July 14 2005

Capitol Hill Intern Study 2005

The objectives of the study were to:

  • Gain an understanding as to the reasons for and benefits of interning on Capitol Hill from interns, themselves;
  • Determine the extent to which "hook-ups," "flirtation," "dating" and "sex" were discussed or witnessed within the Capitol Hill offices;
  • Distinguish the concerns, challenges, and priorities of Capitol Hill interns relevant to their personal and professional lives;
  • Understand the differences, if any, between drinking alcohol beverages while at college, and while an intern; and,
  • Discern their opinions and projections with respect to public policy issues and long term professional goals.

In order to qualify for participation, interns must have been age 18 or older, interning in one of the Senate or House office buildings, and having finished at least one year at a college or university.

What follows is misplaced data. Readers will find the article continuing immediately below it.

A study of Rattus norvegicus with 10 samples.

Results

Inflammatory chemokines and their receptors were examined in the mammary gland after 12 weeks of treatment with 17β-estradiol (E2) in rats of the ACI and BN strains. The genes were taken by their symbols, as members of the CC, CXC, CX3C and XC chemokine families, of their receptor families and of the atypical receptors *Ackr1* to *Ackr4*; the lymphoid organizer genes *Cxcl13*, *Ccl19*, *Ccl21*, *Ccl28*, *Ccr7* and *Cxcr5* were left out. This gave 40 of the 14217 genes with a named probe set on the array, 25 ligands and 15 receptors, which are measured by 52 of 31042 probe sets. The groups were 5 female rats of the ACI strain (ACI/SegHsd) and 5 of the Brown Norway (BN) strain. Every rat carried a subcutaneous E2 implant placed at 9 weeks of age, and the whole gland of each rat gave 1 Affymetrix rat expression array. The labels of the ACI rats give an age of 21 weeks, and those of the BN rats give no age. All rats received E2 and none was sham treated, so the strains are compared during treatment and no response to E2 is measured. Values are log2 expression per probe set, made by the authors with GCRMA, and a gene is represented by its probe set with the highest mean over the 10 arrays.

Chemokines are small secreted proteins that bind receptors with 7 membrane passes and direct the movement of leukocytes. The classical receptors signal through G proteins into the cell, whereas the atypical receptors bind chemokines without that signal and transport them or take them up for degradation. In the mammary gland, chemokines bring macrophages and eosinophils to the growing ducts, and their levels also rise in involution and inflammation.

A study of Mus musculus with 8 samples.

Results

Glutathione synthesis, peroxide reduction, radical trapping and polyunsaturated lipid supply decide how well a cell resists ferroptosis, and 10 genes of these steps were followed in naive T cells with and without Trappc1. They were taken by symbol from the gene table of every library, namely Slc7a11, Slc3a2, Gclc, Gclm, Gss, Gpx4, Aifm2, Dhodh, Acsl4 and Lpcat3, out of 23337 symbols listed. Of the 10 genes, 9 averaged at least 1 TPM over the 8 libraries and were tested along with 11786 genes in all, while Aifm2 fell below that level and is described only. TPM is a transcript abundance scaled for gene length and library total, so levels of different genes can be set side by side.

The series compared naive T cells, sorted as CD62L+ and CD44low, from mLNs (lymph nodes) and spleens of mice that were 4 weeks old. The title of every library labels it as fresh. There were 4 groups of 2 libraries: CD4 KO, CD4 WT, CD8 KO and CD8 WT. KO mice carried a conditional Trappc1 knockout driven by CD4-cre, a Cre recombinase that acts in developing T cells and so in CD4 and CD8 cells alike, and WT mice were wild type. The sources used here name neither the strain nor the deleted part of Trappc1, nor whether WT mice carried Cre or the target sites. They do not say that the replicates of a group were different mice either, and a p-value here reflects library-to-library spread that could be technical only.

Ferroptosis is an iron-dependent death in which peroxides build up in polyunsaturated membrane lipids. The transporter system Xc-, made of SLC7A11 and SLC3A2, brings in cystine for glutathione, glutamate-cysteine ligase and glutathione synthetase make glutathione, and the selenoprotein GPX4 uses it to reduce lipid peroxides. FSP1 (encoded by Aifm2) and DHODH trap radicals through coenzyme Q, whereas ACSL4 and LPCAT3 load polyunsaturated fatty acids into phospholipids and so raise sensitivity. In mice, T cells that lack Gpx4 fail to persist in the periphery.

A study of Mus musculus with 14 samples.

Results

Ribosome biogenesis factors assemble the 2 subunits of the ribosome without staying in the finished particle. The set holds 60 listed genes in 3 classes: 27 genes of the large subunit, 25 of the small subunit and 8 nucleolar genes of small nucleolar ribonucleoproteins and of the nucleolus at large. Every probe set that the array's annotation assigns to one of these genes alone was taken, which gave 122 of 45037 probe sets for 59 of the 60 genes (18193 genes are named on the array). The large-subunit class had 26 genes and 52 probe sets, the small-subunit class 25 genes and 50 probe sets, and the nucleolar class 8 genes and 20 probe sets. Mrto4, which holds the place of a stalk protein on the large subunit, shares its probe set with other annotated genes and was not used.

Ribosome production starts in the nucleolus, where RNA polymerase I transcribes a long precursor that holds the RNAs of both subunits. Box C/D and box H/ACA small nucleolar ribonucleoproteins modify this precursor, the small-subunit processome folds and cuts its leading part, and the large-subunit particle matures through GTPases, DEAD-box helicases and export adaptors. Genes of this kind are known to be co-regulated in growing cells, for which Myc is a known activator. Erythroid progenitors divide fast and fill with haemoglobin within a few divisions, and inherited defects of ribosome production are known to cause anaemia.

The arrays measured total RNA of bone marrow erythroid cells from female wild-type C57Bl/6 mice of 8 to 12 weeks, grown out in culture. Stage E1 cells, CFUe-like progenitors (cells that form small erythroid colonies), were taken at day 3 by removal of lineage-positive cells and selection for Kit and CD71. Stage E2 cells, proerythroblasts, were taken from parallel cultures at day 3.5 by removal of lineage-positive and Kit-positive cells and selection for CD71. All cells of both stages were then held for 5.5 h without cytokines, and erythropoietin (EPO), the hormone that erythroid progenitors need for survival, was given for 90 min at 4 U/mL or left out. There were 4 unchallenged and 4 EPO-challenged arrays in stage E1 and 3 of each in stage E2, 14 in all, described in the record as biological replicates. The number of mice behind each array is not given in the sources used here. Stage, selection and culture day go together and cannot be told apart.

Respondents were personally contacted by tpc staff members, each trained in data collection. All respondents completed the survey in the direct vicinity of Capitol Hill, and were asked to show their "Capitol Complex" intern identification and otherwise verify their current status and qualifications before participating.

Participants were recruited in several locations, including House and Senate office building cafeterias and hallways, in the offices of individual members and committees, on pathways between the Union Station and Capitol South Metro stations, and outside on the grounds of the U.S. Capitol. Interviews were secured in a variety of locations and over five consecutive business days in order to secure a representative sample. The survey instrument included 28 questions. The questionnaire was designed and approved by the client prior to data collection. Interviews were conducted June 22-28, 2005.

The margin of error for the survey is +5.9% at a 95% confidence interval, meaning that in 19 out of 20 cases, the data obtained would not differ by any more than 5.9% in either direction were the entire population of Capitol Hill interns surveyed. Margin of error for subsets of the population is higher.